Today our guests are Whitney Mikkelsen and Jessica Ojea! We talked about food insecurity, food deserts and local solutions.
But first we had a visit with Laurie Walker who is the director of USF Botanical Gardens. This Saturday 25th and Sunday 26th from 10am-3pm is the summer sale. USF Botanical Gardens members early entry is 9:30am. BRING YOUR WAGON AND TALK TO THE EXPERTS! This is the first summer sale since 2019 and it’s going to be great!!
Learn more here.
Back to our scheduled guests:
Whitney earned a masters degree in clinical psychology and worked for about 20 years in ERs as an Emergency Mental Health Specialist in both Seattle and Massachusetts. Around ten years ago she had to stop working due to pain from Cerebral Palsy. While still in Massachuesetts Whitney found out about FoodRescueUS where a good friend had founded a chapter. Whitney started FoodRescueUS Dunedin Florida after she lived there for only 1 year.
Jessica Ojea started a community charity at the end of the driveway and as a mother of two, was frequently putting out extra food and clothing. At the beginning of Covid, around 2020 she started volunteering with FoodResuceUS Dunedin. Jessica also runs Charity called Little River Community Cupboard.
Food insecurity is not knowing when you are going to have enough food available to not go hungry. In Pinellas county alone, there are 36,000 children that go hungry AND 7,000 of them are chronically hungry and don’t ever know when they will eat.
In Florida there are 4.6 million pounds of food that goes to waste a year. It typically goes to the landfill. Then it creates carbon dioxide as it rots. Worldwide, 6% of global emissions, are from landfills.
The mission of FoodRescueUSis to rescue this food that restaurants, grocery stores and farms are throwing away and bring it to the hungry.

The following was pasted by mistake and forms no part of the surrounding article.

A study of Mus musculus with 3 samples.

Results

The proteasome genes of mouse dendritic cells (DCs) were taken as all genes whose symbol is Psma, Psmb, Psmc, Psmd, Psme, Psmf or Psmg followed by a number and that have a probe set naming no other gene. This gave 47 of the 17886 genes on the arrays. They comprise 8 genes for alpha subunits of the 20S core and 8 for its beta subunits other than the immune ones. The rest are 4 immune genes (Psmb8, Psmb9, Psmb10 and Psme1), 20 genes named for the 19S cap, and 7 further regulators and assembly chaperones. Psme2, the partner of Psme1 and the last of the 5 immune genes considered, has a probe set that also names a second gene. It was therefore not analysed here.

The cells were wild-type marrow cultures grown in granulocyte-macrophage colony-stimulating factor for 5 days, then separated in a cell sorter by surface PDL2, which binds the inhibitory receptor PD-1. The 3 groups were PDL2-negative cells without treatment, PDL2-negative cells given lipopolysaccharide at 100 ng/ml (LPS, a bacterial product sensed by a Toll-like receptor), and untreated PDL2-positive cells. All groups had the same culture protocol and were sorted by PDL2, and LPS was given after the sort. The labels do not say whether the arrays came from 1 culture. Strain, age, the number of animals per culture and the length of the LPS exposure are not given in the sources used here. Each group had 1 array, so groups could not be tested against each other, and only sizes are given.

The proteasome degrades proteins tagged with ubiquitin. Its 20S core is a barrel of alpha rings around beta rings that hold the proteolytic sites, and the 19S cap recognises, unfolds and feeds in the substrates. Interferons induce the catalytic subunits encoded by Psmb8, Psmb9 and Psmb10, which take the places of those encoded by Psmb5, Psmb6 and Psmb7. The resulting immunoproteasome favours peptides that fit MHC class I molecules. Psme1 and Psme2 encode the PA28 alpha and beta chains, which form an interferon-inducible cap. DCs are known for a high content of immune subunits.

It’s safe to do so due to the Good Samaritan Bill that was passed in 1996.
The Bill Emerson Food Donation Act establishes Federal protection from civil and criminal liability for persons involved in the donation and distribution of food and grocery products to needy individuals when certain criteria are met. In order to receive protection under the Act, a person or gleaner must donate in good faith apparently wholesome food or apparently fit grocery products to a nonprofit organization for ultimate distribution to needy individuals. The Act also provides protection against civil and criminal liability to the nonprofit organizations that receive such donated items in good faith.
All food is collected and distributed among non profit groups, food banks and through “ pop up” set ups in food deserts in the areas.
A “Food deserts” is a geographic area where access to affordable, healthy food options (aka fresh fruits and veggies) is limited or nonexistent because grocery stores are too far away. Poverty contributes to this due to lack of transportation so unhealthy food choices are made. A large-scale longitudinal survey conducted in the US revealed that diabetes risk was approximately 50 % higher among adults in food-insecure households than in food-secure households.
These organizations help the community and often the people that come to get the free food become volunteers to help others.
A true pay it forward.
You WILL make a difference.
Helps you, helps others and helps us all become a better world.
We CAN improve our environment, one decent act at a time.